Introduction

Article 366 (25) of the Constitution of India refers to Scheduled Tribes as those communities, who are scheduled in accordance with Article 342 of the Constitution. This Article says that only those communities who have been declared as such by the President through an initial public notification or through a subsequent amending Act of Parliament will be considered to be Scheduled Tribes.

The list of Scheduled Tribes is State/UT specific and a community declared as a Scheduled Tribe in a State need not be so in another State/UT. The essential characteristics, first laid down by the Lokur Committee, for a community to be identified as Scheduled Tribes are –

• indications of primitive traits;

• distinctive culture;

• shyness of contact with the community at large;

• geographical isolation; and 

• backwardness

 

The 1991 Census figures reveal that 42.02 percent of the Scheduled Tribes populations were main workers of whom 54.50 percent were cultivators and 32.69 per cent agricultural laborers. Thus, about 87 percent of the main workers from these communities were engaged in primary sector activities. The literacy rate of Scheduled Tribes is around 29.60 percent, as against the national average of 52 percent. More than three-quarters of Scheduled Tribes women are illiterate. These disparities are compounded by higher dropout rates in formal education resulting in disproportionately low representation in higher education. Not surprisingly, the cumulative effect has been that the proportion of Scheduled Tribes below the poverty line is substantially higher than the national average. The estimate of poverty made by Planning Commission for the year 1993-94 shows that 51.92 percent rural and 41.4 percent urban Scheduled Tribes were still living below the poverty line.

The Constitution of India incorporates several special provisions for the promotion of educational and economic interest of Scheduled Tribes and their protection from social injustice and all forms of exploitation. These objectives are sought to be achieved through a strategy known as the Tribal Sub-Plan strategy, which was adopted at the beginning of the Fifth Five Year Plan. The strategy seeks to ensure adequate flow of funds for tribal development form the State Plan allocations, schemes/programmes of Central Ministries/Departments, financial and Developmental Institutions. The cornerstone of this strategy has been to ensure earmarking of funds for TSP by States/UTs in proportion to the ST population in those State/Uts. Besides the efforts of the States/UTs and the CentralMinistries/Departments to formulate and implement Tribal Sub-Plan for achieving socio-economic development of STs, the Ministry of Tribal Affairs is implementing several schemes and programmes for the benefits of STs.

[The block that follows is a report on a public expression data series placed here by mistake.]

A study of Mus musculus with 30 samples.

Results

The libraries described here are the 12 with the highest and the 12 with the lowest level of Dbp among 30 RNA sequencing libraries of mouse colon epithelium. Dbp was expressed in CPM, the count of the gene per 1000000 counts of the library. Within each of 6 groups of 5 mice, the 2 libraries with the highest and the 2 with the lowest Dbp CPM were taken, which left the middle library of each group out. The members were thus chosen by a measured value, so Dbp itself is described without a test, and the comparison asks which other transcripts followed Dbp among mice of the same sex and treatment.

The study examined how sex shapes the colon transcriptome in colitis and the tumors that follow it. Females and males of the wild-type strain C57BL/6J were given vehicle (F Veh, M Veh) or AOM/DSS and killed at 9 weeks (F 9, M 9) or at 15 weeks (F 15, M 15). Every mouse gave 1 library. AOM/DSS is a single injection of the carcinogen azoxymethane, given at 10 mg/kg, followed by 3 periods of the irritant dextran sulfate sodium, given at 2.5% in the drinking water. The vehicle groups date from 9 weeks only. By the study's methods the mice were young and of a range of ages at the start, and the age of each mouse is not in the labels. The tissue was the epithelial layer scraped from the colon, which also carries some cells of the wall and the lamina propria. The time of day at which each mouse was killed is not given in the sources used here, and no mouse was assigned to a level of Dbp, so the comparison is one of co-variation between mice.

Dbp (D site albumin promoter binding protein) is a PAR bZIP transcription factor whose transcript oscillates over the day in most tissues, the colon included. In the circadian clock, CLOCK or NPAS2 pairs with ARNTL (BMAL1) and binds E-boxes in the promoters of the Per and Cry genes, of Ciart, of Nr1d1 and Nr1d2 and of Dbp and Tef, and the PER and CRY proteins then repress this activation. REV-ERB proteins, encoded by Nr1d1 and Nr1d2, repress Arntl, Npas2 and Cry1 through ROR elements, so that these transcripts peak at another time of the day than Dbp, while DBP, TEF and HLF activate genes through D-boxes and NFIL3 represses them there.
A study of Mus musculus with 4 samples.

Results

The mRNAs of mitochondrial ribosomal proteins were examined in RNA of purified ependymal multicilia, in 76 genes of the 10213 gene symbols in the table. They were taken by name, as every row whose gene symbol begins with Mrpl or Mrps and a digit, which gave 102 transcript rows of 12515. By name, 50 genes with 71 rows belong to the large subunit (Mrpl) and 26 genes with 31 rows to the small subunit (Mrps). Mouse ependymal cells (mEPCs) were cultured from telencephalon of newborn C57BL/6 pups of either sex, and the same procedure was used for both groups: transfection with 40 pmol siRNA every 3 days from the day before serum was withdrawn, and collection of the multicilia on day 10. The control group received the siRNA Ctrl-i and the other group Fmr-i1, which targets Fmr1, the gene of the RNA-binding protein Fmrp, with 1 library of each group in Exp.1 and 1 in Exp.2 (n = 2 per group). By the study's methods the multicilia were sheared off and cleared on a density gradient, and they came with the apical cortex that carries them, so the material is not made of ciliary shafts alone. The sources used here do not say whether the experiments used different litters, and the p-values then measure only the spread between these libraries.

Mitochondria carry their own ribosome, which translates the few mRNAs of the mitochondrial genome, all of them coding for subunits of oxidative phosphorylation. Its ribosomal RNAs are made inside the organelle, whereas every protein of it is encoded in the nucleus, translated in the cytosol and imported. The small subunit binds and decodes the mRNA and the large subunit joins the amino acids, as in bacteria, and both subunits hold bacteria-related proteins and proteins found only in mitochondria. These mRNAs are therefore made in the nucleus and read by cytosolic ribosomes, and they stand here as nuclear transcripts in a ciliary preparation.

The progress over the years on the literacy front may be seen from the following :-

 


1961


1971


1981


1991

 

2001

 


Total literate population


24 %


29.4 %


36.2 %


52.2 %

64.84%


Scheduled Tribes (STs) population


8.5 %


11.3 %


16.3 %


29.6 %

47.10%


Total female population


12.9 %


18.6 %


29.8 %


39.3 %

53.67%


Total Scheduled Tribes (STs) female population


3.2 %


4.8 %


8.0 %


18.2 %

34.76%

 There are now 194 Integrated Tribal Development Projects (ITDPs) in the country, where the ST population is more than 50% of the total population of the blocks or groups of block. During the Sixth Plan, pockets outside ITDP areas, having a total population of 10,000 with at least 5,000 scheduled tribes were covered under the Tribal Sub-Plan under Modified Area Development Approach (MADA). So far 252 MADA pockets have been identified in the country. In addition, 79 clusters with a total population of 5,000 of which 50 per cent are schedule tribes have been identified.

In order to give more focussed attention to the development of Scheduled Tribes, a separate Ministry, known as the Ministry of Tribal Affairs was constituted in October 1999. The new Ministry carved out of the Ministry of Social Justice and Empowerment, is the nodal Ministry for overall policy, planning and coordination of programmes and schemes for the development of Scheduled Tribes.

The mandate of the Ministry includes social security and social insurance with respect to the Scheduled Tribes, tribal welfare planning, project formulation research and training, promotion and development of voluntary efforts on tribal welfare and certain matters relating to administration of the Scheduled Areas. In regard to sectoral programmes and development of these communities, the policy, planning, monitoring, evaluation as also their coordination is the responsibility of the concerned central Ministries/Departments, State Governments and UT Administrations. Each Central Ministry/Department will be the nodal Ministry of Department concerning its sector. Ministry of Tribal Affairs supports and supplements the efforts of State Governments/U.T. Administrations and the various Central Ministries/Departments for the holistic development of these communities.